Pine Nuts: Surfing the perfect wave in Tokyo
In this long life of mine, nothing looms larger in my memory than riding the perfect wave, well, almost nothing.
I could have been a Nick Beck if I hadn’t fallen off my board. I used to watch Nick and Joey Cabell surf Cannons off the north shore of Kauai, and wish I could surf like that. Cannons by the way, is where a young Bethany Hamilton lost her arm to a shark back in 2003, then went on to become a national surfing champion. In all candor, if I had my arm taken off by a shark I would never even take a bath again.
Hamilton, Beck and Cabell could have won medals in the Olympics had surfing been an Olympic sport back then. But guess what? Surfing is going to be an Olympic sport in the Tokyo Summer Games of 2020! Bet you didn’t know that … I sure didn’t.
So you might want to ask, where in tarnation are they going to surf in Tokyo? Good question. My first guess was they would manufacture waves, but no, they are going to compete in the ocean, off Shidashita Beach to be exact, about 40 miles from Tokyo. I only wish I could be there to watch.
I did get to see the Olympics in Tokyo, way back in 1964. I lived in the Ginza for two weeks and never had so much fun. Not having enough money to buy tickets to the events I wanted to see, I created a press pass with a rising sun and my picture, laminated it, and was not only welcomed into various venues, but was greeted with a low bow. I never felt so important. I saved so much money with my self-important press pass I went on to Hong Kong after the Games, and got a job teaching at St. Joseph’s College. I didn’t have a teaching credential, but told the headmaster one would be forthcoming … he’s still waiting.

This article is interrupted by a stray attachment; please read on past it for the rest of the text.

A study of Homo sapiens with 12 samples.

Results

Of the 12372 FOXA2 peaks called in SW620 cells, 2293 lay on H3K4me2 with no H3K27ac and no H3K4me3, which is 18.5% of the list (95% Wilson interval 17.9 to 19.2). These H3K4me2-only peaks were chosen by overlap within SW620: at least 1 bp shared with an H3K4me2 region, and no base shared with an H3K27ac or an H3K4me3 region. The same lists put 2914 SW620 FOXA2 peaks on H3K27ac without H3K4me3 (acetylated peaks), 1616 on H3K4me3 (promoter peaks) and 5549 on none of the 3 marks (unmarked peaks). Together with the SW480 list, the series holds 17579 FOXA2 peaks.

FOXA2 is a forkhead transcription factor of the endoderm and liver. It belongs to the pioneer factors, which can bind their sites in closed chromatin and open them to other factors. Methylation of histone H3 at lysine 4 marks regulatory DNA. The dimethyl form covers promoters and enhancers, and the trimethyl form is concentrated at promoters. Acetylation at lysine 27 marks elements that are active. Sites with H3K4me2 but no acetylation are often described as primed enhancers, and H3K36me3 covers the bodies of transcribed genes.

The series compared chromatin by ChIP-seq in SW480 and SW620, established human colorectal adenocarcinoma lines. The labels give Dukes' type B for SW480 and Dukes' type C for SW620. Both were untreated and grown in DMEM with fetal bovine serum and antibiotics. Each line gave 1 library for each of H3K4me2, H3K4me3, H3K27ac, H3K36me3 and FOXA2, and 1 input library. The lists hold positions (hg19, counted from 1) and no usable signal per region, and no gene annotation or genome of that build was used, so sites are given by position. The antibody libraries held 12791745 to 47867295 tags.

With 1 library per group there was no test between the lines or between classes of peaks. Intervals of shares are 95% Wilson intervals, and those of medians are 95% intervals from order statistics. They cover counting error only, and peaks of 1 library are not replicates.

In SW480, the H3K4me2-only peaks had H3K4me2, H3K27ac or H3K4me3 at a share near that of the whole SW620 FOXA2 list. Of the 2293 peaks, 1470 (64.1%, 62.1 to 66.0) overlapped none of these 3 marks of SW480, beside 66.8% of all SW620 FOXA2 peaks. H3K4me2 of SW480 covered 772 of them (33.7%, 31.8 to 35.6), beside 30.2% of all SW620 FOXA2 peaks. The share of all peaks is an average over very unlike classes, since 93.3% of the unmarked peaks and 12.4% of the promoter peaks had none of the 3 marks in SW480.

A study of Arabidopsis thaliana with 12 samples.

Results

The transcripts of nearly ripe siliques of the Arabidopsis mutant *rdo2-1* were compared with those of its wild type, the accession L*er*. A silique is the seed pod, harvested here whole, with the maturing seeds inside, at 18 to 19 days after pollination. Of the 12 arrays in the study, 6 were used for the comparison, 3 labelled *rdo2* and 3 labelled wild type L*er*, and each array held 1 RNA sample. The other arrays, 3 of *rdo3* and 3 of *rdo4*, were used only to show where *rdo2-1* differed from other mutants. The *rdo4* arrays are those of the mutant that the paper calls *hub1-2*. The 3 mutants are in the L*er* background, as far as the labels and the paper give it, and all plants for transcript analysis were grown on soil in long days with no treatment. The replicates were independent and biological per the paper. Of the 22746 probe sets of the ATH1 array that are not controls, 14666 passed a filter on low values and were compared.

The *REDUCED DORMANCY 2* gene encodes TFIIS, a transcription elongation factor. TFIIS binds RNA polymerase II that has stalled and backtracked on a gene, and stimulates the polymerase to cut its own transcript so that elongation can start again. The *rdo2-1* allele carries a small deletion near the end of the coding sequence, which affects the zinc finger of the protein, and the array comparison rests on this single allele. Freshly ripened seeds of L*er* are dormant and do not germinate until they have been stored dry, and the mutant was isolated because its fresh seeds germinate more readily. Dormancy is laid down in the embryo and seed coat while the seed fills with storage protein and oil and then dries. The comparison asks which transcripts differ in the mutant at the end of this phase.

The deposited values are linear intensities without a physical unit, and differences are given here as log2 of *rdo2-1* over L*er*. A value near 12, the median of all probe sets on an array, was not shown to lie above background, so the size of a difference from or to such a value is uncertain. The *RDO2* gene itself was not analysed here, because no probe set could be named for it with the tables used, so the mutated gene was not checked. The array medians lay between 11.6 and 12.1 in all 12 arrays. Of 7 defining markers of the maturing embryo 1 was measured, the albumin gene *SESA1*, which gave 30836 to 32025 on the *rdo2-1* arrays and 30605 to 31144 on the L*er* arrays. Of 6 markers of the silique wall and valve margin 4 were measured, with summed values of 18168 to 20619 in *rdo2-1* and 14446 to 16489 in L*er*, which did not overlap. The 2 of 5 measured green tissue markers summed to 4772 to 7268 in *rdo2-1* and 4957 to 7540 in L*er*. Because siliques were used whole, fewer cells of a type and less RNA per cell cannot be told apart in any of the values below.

With a checkered history like that you might suppose I should have gone into politics, but no, I’m still working in the schools 56 years later.
The sport I cared about seeing the most in ’64 was springboard diving. I had competed in the Olympic trials in Ft. Worth and failed to make the team, but I still had my trunks. So I pulled on my diving trunks, threw a towel over my shoulder, and with my new nifty-thrifty homemade pass, marched straight into the diving facility, again with a bow from the gate-keeper. And I remember with great delight how Ken Sitzberger did America proud with his grace and agility. Then Lesley Bush did the same from the 10-meter tower. I shall toast them both today at five o’clock.
Surfing, however, still holds the warmest spot in my heart, and I’m betting good money on the old guy, Kelly Slater, 48, to medal for the men, and Hawaiian wahine, Tatiana Weston-Web to medal for the women, even though she’s competing under the Brazilian flag.
So, Citius, Altius, Fortius — Swifter, Higher, Stronger. And let us try to remember, the most important thing in the Olympic Games is not to win but to take part. Go USA!
Learn more about McAvoy Layne at http://www.ghostoftwain.com.